Here’s What’s Happening With Returns At Vulcan Materials (NYSE:VMC)

Did you know there are some financial metrics that can provide clues of a potential multi-bagger? Firstly, we’d want to identify a growing return on capital employed (ROCE) and then alongside that, an ever-increasing base of capital employed. Basically this means that a company has profitable initiatives that it can continue to reinvest in, which is a trait of a compounding machine. So on that note, Vulcan Materials (NYSE:VMC) looks quite promising in regards to its trends of return on capital.

Return On Capital Employed (ROCE): What is it?

If you haven’t worked with ROCE before, it measures the ‘return’ (pre-tax profit) a company generates from capital employed in its business. The formula for this calculation on Vulcan Materials is:

Return on Capital Employed = Earnings Before Interest and Tax (EBIT) ÷ (Total Assets – Current Liabilities)

0.088 = US$914m ÷ (US$11b – US$1.0b) (Based on the trailing twelve months to June 2020).

So, Vulcan Materials has an ROCE of 8.8%. On its own that’s a low return on capital but it’s in line with the industry’s average returns of 9.3%.

Check out our latest analysis for Vulcan Materials

roce
NYSE:VMC Return on Capital Employed August 26th 2020

In the above chart we have measured Vulcan Materials’ prior ROCE against its prior performance, but the future is arguably more important. If you’d like to see what analysts are forecasting going forward, you should check out our free report for Vulcan Materials.

What Can We Tell From Vulcan Materials’ ROCE Trend?

While in absolute terms it isn’t a high ROCE, it’s promising to see that it has been moving in the right direction. The data shows that returns on capital have increased substantially over the last five years to 8.8%. Basically the business is earning more per dollar of capital invested and in addition to that, 35% more capital is being employed now too. The increasing returns on a growing amount of capital is common amongst multi-baggers and that’s why we’re impressed.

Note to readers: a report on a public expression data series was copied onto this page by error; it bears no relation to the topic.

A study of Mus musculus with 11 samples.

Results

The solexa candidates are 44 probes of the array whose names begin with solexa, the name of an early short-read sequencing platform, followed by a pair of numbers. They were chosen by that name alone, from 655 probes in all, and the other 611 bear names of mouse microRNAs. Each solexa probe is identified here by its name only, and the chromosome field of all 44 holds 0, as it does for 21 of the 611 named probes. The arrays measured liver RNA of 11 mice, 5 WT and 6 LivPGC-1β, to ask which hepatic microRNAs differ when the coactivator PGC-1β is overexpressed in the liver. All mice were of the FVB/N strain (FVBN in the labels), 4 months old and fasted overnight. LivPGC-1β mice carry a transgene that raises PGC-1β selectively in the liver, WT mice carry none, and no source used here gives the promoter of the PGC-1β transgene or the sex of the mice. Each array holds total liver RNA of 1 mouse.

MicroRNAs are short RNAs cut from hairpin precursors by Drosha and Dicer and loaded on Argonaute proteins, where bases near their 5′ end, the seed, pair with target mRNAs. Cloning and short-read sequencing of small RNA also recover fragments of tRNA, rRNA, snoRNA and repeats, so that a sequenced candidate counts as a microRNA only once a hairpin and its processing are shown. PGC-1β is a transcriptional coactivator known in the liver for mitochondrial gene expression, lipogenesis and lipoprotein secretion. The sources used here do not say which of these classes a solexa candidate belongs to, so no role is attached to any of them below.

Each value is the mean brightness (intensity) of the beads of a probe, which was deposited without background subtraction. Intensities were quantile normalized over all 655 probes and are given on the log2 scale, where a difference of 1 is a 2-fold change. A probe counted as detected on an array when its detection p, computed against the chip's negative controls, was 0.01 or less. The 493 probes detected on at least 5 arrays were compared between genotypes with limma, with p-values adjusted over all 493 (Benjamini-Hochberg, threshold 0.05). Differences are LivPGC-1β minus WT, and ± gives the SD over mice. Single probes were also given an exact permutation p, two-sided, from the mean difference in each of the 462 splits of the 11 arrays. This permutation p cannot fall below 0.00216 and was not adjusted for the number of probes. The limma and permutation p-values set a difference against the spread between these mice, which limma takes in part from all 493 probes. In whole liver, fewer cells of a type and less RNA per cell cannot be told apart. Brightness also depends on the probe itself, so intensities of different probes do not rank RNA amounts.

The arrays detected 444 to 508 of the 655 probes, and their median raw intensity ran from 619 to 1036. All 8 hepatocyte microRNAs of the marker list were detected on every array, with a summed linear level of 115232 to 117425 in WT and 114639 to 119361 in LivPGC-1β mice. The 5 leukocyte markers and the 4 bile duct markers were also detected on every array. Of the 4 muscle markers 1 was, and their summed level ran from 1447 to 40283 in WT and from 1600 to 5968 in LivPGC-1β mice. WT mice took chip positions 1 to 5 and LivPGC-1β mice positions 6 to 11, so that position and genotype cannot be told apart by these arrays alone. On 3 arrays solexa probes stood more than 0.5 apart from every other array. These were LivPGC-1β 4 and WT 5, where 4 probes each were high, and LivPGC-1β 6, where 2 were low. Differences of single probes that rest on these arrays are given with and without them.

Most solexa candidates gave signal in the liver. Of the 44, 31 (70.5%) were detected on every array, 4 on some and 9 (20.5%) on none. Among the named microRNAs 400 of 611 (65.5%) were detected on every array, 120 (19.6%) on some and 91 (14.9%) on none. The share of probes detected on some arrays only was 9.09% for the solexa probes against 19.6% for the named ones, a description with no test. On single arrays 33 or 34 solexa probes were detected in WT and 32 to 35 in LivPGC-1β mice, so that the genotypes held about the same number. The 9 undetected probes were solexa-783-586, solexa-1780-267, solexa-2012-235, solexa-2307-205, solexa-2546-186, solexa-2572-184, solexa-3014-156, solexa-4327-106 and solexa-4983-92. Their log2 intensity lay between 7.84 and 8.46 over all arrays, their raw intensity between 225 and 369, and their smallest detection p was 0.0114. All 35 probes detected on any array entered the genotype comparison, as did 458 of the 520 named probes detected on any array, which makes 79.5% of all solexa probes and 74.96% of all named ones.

The Bottom Line On Vulcan Materials’ ROCE

To sum it up, Vulcan Materials has proven it can reinvest in the business and generate higher returns on that capital employed, which is terrific. Investors may not be impressed by the favorable underlying trends yet because over the last five years the stock has only returned 36% to shareholders. So with that in mind, we think the stock deserves further research.

If you want to continue researching Vulcan Materials, you might be interested to know about the 1 warning sign that our analysis has discovered.

While Vulcan Materials isn’t earning the highest return, check out this free list of companies that are earning high returns on equity with solid balance sheets.

Promoted
If you decide to trade Vulcan Materials, use the lowest-cost* platform that is rated #1 Overall by Barron’s, Interactive Brokers. Trade stocks, options, futures, forex, bonds and funds on 135 markets, all from a single integrated account.


This article by Simply Wall St is general in nature. It does not constitute a recommendation to buy or sell any stock, and does not take account of your objectives, or your financial situation. We aim to bring you long-term focused analysis driven by fundamental data. Note that our analysis may not factor in the latest price-sensitive company announcements or qualitative material. Simply Wall St has no position in any stocks mentioned.
*Interactive Brokers Rated Lowest Cost Broker by StockBrokers.com Annual Online Review 2020


Have feedback on this article? Concerned about the content? Get in touch with us directly. Alternatively, email editorial-team@simplywallst.com.